Sir Chris Hoy is a Scottish and British track cyclist who represents two different countries in various championships. He represents Scotland at the Commonwealth Games and Great Britain at the Olympics and World Championships.

Hoy is Britain’s most successful medalist as he equals Bradley Wiggins record of 7 Olympic medals and surpasses the great Sir Steve Redgrave who holds 6 Olympic medals to his name. He has 6 Gold medals out of his 7 from Olympics which makes him even greater cyclist than Wiggins who has 4 Gold medals out of 7. I am sorely tempted to have a bet at Bet Victor that Hoy matches Redgrave’s total!

Hoy started cycling at a very young age of 16 and after some years he became the World’s best 1 km time trial (The Kilo and The Team Sprint) as he continued to rule it for years and won many World Championships and also an Olympic medal. He had to stop participating in 1 km time trial as the 1 km time trial event was removed after 2004 Summer Olympics.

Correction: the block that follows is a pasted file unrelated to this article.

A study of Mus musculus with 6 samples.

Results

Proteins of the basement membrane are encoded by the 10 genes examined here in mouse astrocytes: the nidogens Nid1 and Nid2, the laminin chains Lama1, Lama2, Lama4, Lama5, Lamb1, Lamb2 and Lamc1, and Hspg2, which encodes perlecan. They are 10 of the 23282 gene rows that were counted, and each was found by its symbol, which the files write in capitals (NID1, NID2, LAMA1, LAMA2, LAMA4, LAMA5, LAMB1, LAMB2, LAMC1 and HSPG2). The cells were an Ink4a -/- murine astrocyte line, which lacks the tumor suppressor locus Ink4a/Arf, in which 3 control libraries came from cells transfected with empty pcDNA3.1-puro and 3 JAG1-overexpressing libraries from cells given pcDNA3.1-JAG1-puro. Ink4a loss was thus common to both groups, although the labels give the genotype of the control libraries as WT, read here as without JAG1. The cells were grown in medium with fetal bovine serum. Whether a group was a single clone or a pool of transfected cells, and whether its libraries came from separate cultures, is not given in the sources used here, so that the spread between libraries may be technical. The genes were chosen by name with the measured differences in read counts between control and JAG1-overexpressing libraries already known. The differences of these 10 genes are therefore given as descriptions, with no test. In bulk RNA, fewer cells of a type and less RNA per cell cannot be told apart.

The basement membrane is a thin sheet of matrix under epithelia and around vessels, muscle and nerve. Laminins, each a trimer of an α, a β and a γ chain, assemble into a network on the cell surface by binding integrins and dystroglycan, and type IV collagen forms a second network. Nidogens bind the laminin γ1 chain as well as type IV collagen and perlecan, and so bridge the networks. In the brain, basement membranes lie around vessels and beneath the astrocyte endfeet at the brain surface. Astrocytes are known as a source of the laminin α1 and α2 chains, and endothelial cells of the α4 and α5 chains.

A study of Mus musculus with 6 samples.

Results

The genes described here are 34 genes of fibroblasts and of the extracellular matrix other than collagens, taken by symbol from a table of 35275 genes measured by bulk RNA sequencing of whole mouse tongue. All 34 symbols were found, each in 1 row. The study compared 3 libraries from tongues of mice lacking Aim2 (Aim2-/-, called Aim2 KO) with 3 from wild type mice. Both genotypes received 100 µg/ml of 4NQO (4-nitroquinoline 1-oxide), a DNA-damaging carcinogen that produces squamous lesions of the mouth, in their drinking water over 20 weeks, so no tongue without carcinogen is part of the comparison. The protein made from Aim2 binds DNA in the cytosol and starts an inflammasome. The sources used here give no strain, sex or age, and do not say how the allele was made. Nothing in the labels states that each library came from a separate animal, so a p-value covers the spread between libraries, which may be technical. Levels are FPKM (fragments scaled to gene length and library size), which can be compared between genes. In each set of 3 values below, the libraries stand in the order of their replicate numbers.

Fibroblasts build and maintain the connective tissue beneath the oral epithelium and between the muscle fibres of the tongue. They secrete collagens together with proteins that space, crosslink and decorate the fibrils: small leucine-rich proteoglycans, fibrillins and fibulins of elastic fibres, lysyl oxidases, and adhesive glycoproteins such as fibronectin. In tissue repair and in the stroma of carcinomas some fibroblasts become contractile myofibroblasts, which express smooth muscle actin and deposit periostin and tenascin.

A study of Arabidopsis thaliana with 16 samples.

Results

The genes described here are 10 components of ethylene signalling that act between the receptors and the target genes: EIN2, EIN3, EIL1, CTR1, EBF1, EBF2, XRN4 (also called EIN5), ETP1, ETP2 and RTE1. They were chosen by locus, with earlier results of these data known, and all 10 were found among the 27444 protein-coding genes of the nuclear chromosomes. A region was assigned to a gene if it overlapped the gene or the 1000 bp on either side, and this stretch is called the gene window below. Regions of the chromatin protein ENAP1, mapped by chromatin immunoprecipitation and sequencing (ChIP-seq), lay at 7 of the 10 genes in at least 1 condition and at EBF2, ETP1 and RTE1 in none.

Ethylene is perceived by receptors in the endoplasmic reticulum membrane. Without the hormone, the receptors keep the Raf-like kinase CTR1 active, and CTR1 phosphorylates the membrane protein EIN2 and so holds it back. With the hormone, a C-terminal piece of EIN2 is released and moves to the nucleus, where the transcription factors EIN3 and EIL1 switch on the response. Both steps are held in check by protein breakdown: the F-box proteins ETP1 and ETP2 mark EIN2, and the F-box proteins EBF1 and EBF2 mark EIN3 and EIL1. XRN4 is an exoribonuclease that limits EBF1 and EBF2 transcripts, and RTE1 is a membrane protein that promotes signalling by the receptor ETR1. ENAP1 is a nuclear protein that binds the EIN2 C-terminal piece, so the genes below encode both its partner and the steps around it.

Hoy took up the challenge and started practicing and participating in other events such as Keirin, Sprint and Team Sprint. His determination and dedication made him one of the greatest of all time as he made history and created World and Olympic records. Hoy became the first Britsih Olympian to win Gold medals in all three events he participated in 2008 Beijing Olympics and also clocked a Olympic record of 42.750 seconds in 750 metres team sprint which is also the World record and Olympic record of 9.815 seconds in 200 metres time trial. Due to this achievement, he was awarded 2008 BBC Sports Personality of the year – he was made the favourite from the moment he won gold according to the sports betting with Bet Victor.

Hoy carried on with his medals stint as he won many championships thereafter. He was made the flag-bearer for his team GB at the opening ceremony of 2012 London Olympics. This was just the beginning of another history being created as he went on to win Team Sprint and Keirin, becoming the world’s highest Olympic Gold medal holder (6) and a total of 7 Olympic medals equaling Bradley Wiggins. This made him the most successful British Olympian and male cyclist of all time.